Universal health coverageIntroducing Social Health Security Act is laudable but govt should beware pitfalls
Health Minister Gagan Thapa has said he would table the draft of the bill on universal health coverage in Parliament within a month. This is a welcome step. Passage of the bill would make it mandatory for all Nepalis to purchase a health insurance scheme, which can be used to seek medical treatment free of cost or at a lower cost.
Universal health coverage schemes have been introduced by many governments across the world to provide access to quality health care services to all their people, including the poor and the marginalised. These schemes help countries to keep their people healthy, and, in turn, make them economically productive. Unsurprisingly, health insurance is often seen as an important tool to promote sustainable economic development, alleviate poverty and reduce social inequities.
Assurance of quality health care service by the state at a low cost can also lay the groundwork to promote entrepreneurship. Many fresh graduates in Nepal choose salaried jobs over entrepreneurship largely because of the fear of not being able to save enough in their prime working age if their businesses fail.
People all over the world are programmed to save for rainy days. In countries with poor state assistance in health care management, the mental burden to save for prolonged or serious illnesses is acute. Such pressure can take a toll, including in the young population. So the initiative taken by the minister to introduce the Social Health Security Act, despite huge odds, is commendable.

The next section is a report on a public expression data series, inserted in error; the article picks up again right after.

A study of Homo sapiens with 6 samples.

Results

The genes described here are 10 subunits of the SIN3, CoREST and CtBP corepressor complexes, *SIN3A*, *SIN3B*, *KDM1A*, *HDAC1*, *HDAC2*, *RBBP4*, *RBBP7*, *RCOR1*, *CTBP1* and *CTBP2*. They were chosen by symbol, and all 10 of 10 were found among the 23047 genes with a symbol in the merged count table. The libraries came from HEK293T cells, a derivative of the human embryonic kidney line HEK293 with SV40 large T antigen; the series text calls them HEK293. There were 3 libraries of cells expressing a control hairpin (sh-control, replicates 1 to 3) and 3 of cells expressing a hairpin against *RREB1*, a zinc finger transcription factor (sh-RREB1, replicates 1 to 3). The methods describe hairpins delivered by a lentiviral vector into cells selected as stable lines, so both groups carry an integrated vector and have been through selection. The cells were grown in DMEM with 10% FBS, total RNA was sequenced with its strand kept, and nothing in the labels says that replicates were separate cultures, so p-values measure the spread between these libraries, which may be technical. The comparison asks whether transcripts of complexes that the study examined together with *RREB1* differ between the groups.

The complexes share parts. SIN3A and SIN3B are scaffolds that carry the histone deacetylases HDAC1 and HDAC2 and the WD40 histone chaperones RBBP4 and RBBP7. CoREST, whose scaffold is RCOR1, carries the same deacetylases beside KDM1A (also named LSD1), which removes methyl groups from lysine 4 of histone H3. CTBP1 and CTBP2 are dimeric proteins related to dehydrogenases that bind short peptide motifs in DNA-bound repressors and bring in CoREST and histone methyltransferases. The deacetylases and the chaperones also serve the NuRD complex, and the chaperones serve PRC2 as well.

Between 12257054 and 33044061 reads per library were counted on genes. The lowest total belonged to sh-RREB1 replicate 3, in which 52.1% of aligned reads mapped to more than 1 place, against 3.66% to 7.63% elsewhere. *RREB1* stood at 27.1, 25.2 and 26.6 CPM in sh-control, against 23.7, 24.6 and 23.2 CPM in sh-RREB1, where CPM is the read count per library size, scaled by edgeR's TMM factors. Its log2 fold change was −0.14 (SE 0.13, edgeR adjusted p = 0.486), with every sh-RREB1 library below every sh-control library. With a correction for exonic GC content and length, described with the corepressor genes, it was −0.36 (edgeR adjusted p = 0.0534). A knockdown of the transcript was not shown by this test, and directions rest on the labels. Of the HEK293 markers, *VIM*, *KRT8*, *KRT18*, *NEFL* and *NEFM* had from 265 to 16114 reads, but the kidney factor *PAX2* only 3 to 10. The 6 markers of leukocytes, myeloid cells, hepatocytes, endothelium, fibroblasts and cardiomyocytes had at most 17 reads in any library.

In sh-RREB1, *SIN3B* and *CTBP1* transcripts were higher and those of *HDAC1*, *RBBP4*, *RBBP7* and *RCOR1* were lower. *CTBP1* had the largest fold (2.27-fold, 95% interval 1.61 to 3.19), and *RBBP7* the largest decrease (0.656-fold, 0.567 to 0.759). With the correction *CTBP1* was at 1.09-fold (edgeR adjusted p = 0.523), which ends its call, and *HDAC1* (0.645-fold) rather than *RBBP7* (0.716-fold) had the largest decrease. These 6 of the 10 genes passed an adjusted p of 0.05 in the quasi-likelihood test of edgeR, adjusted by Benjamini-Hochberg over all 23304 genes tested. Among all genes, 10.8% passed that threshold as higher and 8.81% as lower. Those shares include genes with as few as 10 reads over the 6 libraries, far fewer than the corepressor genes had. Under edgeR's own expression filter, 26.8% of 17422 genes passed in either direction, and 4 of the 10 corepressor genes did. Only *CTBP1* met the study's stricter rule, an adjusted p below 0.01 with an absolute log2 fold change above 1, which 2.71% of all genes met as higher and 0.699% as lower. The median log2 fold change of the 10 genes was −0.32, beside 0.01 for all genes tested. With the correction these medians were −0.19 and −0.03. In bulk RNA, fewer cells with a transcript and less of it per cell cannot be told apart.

That said, there are pitfalls. The Social Health Security Programme (Operating) Regulations, 2015 says the government will waive Rs2,500 in insurance premium for households identified as extremely poor. Also, discounts of 75 percent on premium for “poor” households and 50 percent for “marginally poor” households have been offered.
But households have not been divided into these categories yet. This fiscal year’s budget has said that ‘state security identity cards’ would be provided to those living under the poverty line in 25 selected districts within 2016-17 and to the rest within 2017-18. But successive governments have been saying this for the last few years, and there is nothing much to show in terms of results.
For starters, households should be categorised at the earliest to ensure that the subsidy extended by the government on insurance premium is not misused. The scheme on universal health coverage runs smoothly only if healthy and young people enrol, because they will offset the costs of health care for the unhealthy and the ageing population. But if these youngsters find out that subsidy is also being extended to those who are not eligible, they may shun the scheme.
The government should also ensure there is no duplication in health insurance programmes, as the Ministry of Labour and Employment, through the Social Security Fund, is mulling over introducing a similar scheme for those working in both formal and informal sectors.
It would be wise for both the health and the labour ministries to work together, as doing so would save cost and help create an effective and efficient health insurance service delivery mechanism.